Once upon a time, at a small town in the medieval age, there lived a man. He was a carpenter.
It was near Christmas when a girl came to his workshop, he was busy making the last pieces of sword hilts. He saw the girl and asked her if she got lost. The girl shook her head. He asked again where her parents were, no response. Then it took a few seconds before the man asked, “Are you hungry?” The girl nodded her head.
They sat together and the man gave him a piece of meat. The girl only stared at it, didn’t have the intention to grab it at all. The man understood. She didn’t eat meat, so he gave her a piece of bread instead.
“Why people nowadays are irritating themselves in avoiding eating meat?” the man asked, intentionally to himself.
“Because killing animals to eat meat is wrong. They had had souls just before they died. They could talk, they could run, they could breathe just like we do,” the little girl surprisingly answered. The adult man was about to apologize if he might have offended whatever the girl believed in, before the girl added, “you’re making sword hilts, Sir. What do you think sword is used for beside hunting fawns and boars? To slaughter our very mankind, Sire.”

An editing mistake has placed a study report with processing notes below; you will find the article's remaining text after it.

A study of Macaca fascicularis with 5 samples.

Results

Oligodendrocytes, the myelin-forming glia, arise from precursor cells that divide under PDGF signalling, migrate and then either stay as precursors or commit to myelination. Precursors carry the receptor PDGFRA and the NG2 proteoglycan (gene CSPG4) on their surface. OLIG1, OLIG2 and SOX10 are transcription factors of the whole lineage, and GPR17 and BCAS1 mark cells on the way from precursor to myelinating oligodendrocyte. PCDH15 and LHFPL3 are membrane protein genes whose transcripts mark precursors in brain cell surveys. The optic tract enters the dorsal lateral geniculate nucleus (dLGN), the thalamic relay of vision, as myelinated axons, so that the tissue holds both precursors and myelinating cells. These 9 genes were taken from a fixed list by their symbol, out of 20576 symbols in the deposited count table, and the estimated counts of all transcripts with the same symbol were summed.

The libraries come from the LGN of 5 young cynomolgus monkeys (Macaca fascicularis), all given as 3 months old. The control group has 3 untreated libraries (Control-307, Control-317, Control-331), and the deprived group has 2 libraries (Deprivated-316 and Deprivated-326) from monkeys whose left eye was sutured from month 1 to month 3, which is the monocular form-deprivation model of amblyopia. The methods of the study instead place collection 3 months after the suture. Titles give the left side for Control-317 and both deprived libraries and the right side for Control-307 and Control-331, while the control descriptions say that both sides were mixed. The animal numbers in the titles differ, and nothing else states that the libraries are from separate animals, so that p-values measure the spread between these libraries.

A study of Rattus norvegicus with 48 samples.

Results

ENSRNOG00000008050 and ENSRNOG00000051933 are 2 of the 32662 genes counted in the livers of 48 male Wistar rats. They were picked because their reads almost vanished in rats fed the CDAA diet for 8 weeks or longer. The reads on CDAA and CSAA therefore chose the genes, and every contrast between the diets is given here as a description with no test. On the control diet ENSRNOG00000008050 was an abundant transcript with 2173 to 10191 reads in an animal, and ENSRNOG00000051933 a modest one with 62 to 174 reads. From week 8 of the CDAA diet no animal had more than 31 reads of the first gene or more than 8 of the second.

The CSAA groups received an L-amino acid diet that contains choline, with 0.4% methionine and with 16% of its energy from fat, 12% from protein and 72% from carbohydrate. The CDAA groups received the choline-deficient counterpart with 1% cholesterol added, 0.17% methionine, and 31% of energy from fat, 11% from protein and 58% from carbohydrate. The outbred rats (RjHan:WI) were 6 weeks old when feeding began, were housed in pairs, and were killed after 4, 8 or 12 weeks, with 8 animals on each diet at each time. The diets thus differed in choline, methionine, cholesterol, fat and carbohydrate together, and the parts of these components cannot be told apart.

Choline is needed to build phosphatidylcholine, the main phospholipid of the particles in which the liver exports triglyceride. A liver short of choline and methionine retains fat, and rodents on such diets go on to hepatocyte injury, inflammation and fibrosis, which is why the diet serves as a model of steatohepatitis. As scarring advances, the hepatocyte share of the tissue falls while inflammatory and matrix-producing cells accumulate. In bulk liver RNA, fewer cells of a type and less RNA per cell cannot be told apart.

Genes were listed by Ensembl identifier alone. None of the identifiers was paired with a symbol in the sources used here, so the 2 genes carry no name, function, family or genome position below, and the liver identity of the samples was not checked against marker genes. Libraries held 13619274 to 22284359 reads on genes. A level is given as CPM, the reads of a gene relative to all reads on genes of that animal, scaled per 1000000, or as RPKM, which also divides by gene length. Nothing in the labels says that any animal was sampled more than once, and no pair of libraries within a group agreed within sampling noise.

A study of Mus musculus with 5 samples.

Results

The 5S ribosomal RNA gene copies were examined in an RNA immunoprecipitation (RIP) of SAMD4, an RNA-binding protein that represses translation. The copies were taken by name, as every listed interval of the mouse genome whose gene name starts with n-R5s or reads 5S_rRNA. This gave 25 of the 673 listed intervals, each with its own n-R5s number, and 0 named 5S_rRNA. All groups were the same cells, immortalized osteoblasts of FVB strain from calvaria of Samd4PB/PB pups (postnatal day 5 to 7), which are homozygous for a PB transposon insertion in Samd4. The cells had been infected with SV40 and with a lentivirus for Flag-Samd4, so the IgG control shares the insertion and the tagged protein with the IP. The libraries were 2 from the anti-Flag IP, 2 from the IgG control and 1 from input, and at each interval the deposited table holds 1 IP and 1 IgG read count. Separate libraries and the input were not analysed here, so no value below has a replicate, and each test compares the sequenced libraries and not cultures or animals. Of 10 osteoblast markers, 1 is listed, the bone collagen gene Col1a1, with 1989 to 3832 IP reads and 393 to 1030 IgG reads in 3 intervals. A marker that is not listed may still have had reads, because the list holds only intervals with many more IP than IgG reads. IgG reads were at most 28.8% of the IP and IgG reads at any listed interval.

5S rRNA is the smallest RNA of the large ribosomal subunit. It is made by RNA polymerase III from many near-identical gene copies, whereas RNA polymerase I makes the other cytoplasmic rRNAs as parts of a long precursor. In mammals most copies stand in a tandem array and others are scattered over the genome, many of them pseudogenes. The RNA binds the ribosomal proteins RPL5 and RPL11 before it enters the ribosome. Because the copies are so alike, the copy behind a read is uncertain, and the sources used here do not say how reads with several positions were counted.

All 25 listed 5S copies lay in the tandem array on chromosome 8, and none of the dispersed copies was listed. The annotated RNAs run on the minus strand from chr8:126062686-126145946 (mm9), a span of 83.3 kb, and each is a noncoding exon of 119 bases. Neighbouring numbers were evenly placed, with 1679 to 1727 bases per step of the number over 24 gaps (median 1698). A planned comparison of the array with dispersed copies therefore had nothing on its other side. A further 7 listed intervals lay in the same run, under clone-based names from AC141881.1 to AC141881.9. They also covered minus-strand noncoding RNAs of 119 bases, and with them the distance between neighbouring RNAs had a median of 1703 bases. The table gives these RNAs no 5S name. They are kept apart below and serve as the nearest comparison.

“What do you mean?” the man questioned.
“That means we are never in our place to judge what is right and what is wrong. You can see that me not eating meat is strange and wrong, and on the other hand, me seeing you making sword hilt is likely vicious and thoughtless. But you’re having your own reason to make it right?”
There was a moment of pause and the man answered in hesitate, “To feed my wife and daughter.”
“Indeed, sir. So actually what matters is what we believe in and how strong we believe in that. Doing right or wrong is the matter we do it wholeheartedly or not, don’t doubt in whatever you do,” the girl rose, picked the meat, bit it, and went out the garage. “See you tomorrow!” she waved her hand and smile.